Your dog is likely to develop dental problems from puppy-hood, and to help him retain his teeth into old age you’ll need to look after them and have him seen regularly for check-ups.
The 28 deciduous teeth which erupt at around three to four weeks may not make way for the usual 42 permanent teeth which come through at about six to eight months. Impacted teeth cause pain and overcrowding and make eating very difficult and your vet may need to extract the retained deciduous teeth under anesthetic.
Your dog is likely to start developing tartar on his teeth from the age of two if not before, and unless this is dealt with he is likely to develop gingivitis, which is the first stage of gum disease and shows as redness along the gum-line which can bleed on pressure and on eating. Tartar reacts with the saliva and forms plaque which adheres to the teeth and slowly pushes the gums back to expose more of the teeth. This plaque needs to be removed by your vet otherwise the condition will worsen until the bone of the jaw begins to erode, which then leaves the teeth less stable and likely to be lost. Your dog will also have halitosis, or bad breath, a sure sign that he needs mouth and dental care.
There are two ways of dealing with the plaque on his teeth: treatment and prevention. Your vet will give him a tooth cleaning under anesthetic, or you can help prevent the build up of plaque by getting your dog used to having his teeth cleaned at home. Your vet will advise on the most suitable brush and paste and you may be able to use a finger brush which will give you more control when cleaning. If you can get your dog used to you exploring his mouth from a very early age you will have a much better chance of keeping his teeth clean and healthy for as long as possible. Your vet may also suggest dental biscuits which will have a slightly abrasive action and keep the teeth clean.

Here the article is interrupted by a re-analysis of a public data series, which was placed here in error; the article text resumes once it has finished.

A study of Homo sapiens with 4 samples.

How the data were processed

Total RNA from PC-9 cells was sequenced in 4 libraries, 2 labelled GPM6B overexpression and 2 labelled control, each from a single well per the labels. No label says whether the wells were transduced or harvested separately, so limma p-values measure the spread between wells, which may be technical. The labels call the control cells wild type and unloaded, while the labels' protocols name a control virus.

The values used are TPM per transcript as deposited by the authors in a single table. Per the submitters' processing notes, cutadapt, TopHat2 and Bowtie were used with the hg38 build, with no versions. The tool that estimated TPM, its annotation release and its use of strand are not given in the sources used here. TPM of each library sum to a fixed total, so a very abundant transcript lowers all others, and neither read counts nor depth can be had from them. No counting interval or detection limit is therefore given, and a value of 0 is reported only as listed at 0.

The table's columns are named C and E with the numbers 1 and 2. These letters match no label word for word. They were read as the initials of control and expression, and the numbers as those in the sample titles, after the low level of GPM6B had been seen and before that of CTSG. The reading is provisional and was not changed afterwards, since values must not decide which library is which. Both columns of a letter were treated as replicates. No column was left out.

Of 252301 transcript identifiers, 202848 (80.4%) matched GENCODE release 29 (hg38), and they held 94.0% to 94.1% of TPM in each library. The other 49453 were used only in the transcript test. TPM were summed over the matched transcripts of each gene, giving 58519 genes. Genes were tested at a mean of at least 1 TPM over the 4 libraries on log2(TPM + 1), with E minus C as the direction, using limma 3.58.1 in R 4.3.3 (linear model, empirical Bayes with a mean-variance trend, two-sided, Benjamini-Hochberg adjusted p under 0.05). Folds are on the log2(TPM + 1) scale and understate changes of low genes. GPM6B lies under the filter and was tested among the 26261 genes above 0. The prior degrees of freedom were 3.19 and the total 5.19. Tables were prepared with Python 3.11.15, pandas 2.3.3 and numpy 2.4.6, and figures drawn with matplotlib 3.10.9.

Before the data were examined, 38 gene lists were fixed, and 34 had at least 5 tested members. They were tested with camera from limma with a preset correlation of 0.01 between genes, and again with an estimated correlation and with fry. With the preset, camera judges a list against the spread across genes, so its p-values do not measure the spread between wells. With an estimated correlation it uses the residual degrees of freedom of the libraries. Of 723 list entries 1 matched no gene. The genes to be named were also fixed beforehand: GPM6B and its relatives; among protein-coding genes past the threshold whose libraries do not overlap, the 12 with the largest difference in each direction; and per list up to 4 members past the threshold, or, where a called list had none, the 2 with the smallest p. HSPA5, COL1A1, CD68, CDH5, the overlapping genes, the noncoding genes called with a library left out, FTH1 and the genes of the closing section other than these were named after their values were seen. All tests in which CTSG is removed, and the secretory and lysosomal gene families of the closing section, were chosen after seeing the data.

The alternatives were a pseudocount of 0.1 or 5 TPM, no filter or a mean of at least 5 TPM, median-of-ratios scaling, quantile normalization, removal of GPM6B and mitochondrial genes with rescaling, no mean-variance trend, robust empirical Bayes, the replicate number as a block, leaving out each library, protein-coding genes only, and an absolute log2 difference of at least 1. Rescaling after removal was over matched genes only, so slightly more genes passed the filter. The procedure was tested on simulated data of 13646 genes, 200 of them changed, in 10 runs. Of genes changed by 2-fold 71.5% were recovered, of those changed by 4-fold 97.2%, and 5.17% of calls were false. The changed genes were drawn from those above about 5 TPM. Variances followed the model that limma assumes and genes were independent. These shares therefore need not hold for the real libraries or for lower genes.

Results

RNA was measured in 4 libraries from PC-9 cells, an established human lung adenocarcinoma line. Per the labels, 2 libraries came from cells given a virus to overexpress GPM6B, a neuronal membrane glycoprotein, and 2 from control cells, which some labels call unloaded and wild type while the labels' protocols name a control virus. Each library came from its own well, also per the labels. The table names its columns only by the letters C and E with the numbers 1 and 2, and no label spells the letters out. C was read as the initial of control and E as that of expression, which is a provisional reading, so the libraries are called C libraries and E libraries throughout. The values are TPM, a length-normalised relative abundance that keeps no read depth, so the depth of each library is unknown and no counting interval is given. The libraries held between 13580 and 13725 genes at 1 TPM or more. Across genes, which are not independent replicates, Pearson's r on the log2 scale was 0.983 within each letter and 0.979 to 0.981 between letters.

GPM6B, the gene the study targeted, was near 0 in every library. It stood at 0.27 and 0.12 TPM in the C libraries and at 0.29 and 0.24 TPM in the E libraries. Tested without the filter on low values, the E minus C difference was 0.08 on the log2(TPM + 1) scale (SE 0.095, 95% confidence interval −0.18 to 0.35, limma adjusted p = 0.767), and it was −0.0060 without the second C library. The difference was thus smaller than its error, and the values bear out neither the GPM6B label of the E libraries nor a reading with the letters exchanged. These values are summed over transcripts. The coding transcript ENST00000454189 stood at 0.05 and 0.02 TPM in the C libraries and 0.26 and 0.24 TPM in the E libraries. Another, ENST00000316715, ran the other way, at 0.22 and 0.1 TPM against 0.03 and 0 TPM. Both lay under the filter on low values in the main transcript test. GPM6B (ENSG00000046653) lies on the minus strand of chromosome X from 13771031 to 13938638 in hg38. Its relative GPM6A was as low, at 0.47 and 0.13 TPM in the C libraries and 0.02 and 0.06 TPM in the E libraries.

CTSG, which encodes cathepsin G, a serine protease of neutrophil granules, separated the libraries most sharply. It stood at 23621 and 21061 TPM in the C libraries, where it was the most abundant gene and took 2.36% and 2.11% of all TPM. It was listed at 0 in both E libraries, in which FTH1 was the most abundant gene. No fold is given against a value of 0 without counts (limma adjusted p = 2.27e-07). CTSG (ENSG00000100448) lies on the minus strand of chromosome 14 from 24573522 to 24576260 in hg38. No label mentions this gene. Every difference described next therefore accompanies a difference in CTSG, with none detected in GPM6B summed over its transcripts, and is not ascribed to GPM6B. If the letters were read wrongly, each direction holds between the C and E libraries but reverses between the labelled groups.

One of the most common problems is crack or fracture, usually acquired by biting on very hard objects. Not only is this painful because the nerve is exposed, but a crack or break will provide a direct route for infection which can lead to an abscess. More seriously, infection can reach the bloodstream and can result in conditions such as heart or kidney disease.
Abscesses and ulcers can also be caused by misaligned dentition or a chipped or worn tooth rubbing against the inside of the mouth. Jaw and tooth misalignment are most commonly seen in over-bred dogs, but occasionally appear in young dogs who have been pulling hard on sticks or other toys in play.